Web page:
Nightrider Jared88's Avatar

    Hi , i have a tear in my tire sidewall which seems to be caused by a sharp stone. It is only on the surface so should i do anything about it? Thanks.
    Last edited by Jared88; 09-19-06 at 12:18 AM.

  2. #2
    Long haired freak. wethepeople's Avatar

    If it was me I would just throw a bike patch inside and keep going.

    "the bus came by and I got on, that's when it all began...there was Cowboy Neal at the wheel of a bus to never-ever land."


    Hi , i have a tear in my tire sidewall which seems to be caused by a sharp stone. It is only on the surface so should i do anything about it? Thanks.
    It looks insignificant.

    If at any time your inner tube starts to bulge out through the cut, then consider placing a patch on the inside of the tire. Otherwise, you've got a lot more miles left on what looks to be essentially a new tire.

    Bob

    Hi , i have a tear in my tire sidewall which seems to be caused by a sharp stone. It is only on the surface so should i do anything about it? Thanks.
    Fortunately, it looks pretty minor. I'd suggest filling it in with a small amount of Shoe Goo, mainly to prevent grit from accumulating inside the tear. You should be able to find the stuff in the adhesives section of your LHS (local hardware store).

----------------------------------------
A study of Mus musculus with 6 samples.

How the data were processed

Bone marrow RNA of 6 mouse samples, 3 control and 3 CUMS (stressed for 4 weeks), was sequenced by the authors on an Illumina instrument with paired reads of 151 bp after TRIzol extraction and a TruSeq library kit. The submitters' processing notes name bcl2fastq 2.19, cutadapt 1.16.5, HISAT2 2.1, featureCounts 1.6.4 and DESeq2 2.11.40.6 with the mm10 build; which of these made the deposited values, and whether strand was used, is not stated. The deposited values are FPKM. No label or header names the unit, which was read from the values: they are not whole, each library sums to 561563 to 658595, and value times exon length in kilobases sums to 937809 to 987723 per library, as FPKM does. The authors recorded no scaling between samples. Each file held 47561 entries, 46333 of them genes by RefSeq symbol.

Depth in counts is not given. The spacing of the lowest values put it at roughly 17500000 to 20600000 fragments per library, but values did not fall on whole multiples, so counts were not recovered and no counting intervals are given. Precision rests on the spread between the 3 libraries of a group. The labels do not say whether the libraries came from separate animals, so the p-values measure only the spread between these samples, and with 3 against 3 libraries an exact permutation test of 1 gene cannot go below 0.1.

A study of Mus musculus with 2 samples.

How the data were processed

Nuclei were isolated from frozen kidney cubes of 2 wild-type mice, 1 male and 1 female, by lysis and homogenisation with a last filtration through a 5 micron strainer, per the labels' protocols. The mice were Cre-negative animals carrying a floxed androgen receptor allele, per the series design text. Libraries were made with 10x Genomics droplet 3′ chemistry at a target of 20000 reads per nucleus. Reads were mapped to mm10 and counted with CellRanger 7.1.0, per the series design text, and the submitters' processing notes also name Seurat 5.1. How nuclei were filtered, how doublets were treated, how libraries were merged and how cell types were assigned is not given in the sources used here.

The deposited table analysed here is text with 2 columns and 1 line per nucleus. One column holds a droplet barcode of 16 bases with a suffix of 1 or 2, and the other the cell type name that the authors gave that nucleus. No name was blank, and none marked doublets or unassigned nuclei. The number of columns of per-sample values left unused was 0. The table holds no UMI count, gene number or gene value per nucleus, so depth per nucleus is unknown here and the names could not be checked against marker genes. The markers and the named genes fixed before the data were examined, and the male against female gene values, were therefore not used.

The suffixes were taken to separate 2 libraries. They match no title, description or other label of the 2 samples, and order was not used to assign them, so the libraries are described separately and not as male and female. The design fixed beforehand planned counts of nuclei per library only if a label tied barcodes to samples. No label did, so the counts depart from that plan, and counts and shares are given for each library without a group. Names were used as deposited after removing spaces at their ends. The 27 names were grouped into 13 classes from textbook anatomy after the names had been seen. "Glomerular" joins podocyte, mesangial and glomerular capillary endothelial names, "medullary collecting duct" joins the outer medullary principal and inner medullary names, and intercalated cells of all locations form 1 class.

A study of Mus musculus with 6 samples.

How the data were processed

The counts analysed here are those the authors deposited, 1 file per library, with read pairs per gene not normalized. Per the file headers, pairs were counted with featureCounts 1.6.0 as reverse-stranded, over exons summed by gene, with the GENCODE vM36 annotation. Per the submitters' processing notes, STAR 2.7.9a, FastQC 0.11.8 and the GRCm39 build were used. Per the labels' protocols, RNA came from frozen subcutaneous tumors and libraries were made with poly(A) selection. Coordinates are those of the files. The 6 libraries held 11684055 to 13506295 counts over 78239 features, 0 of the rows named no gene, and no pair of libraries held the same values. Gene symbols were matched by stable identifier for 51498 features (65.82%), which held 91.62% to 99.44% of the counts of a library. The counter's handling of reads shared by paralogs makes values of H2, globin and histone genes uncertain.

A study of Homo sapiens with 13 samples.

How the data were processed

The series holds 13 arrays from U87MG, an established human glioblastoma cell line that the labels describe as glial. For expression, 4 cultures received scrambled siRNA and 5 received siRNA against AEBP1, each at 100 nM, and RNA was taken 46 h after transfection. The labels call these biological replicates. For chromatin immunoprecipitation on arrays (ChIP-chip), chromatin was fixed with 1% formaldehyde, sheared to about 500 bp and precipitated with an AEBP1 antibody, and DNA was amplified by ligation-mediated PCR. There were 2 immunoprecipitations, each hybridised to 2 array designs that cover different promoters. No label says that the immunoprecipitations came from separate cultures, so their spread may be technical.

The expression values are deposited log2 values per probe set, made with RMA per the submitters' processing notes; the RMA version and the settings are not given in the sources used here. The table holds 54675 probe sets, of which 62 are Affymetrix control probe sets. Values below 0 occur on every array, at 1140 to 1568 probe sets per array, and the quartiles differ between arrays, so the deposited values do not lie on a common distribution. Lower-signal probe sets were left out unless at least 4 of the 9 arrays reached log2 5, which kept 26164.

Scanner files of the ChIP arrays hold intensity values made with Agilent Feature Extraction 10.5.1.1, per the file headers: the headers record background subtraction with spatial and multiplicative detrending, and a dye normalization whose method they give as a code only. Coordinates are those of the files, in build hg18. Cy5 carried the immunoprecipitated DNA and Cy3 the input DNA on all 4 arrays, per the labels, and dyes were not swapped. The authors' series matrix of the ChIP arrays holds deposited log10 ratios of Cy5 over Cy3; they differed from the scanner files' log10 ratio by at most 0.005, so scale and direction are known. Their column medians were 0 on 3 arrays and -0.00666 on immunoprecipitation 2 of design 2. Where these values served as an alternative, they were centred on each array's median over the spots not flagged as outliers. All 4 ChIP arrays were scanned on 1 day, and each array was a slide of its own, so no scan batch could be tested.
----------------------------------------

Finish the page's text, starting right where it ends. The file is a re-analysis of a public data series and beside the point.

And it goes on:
Dragon... ATTACK!

  5. #5
    sch
    Steve

  6. #6
    Senior Member Matt Gaunt's Avatar

    I rode it for another hundred or so miles first though and it seemed fine. The only reason I swapped it was because I was entering a challenge ride and didn't fancy the roadside jiggery-pokery that comes with a rear blowout.
    You need a new bike supcom's Avatar

  8. #8
    Senior Member Deanster04's Avatar

  9. #9
    Nightrider Jared88's Avatar

    Thanks for the advice , i have heard of a something called rubber cement. Can i use it on the sidewall?
    No. Rubber cement is not durable enough. Use Goo, as suggested by a previous poster.

    Bob

  11. #11
    Nightrider Jared88's Avatar

  12. #12
    Senior Member thomson's Avatar

    If you ride great distances and downhill speeds, I would chuck it.

    I buy tires 10-12 at a time and tend to discard tires quicker than my peers. But I do not want a sidewall failure as I am taking a turn at 50mph down a nice long grade. So if I see any imperfections, I chuck it.

    If you have a friend that uses a trainer, give him the tire.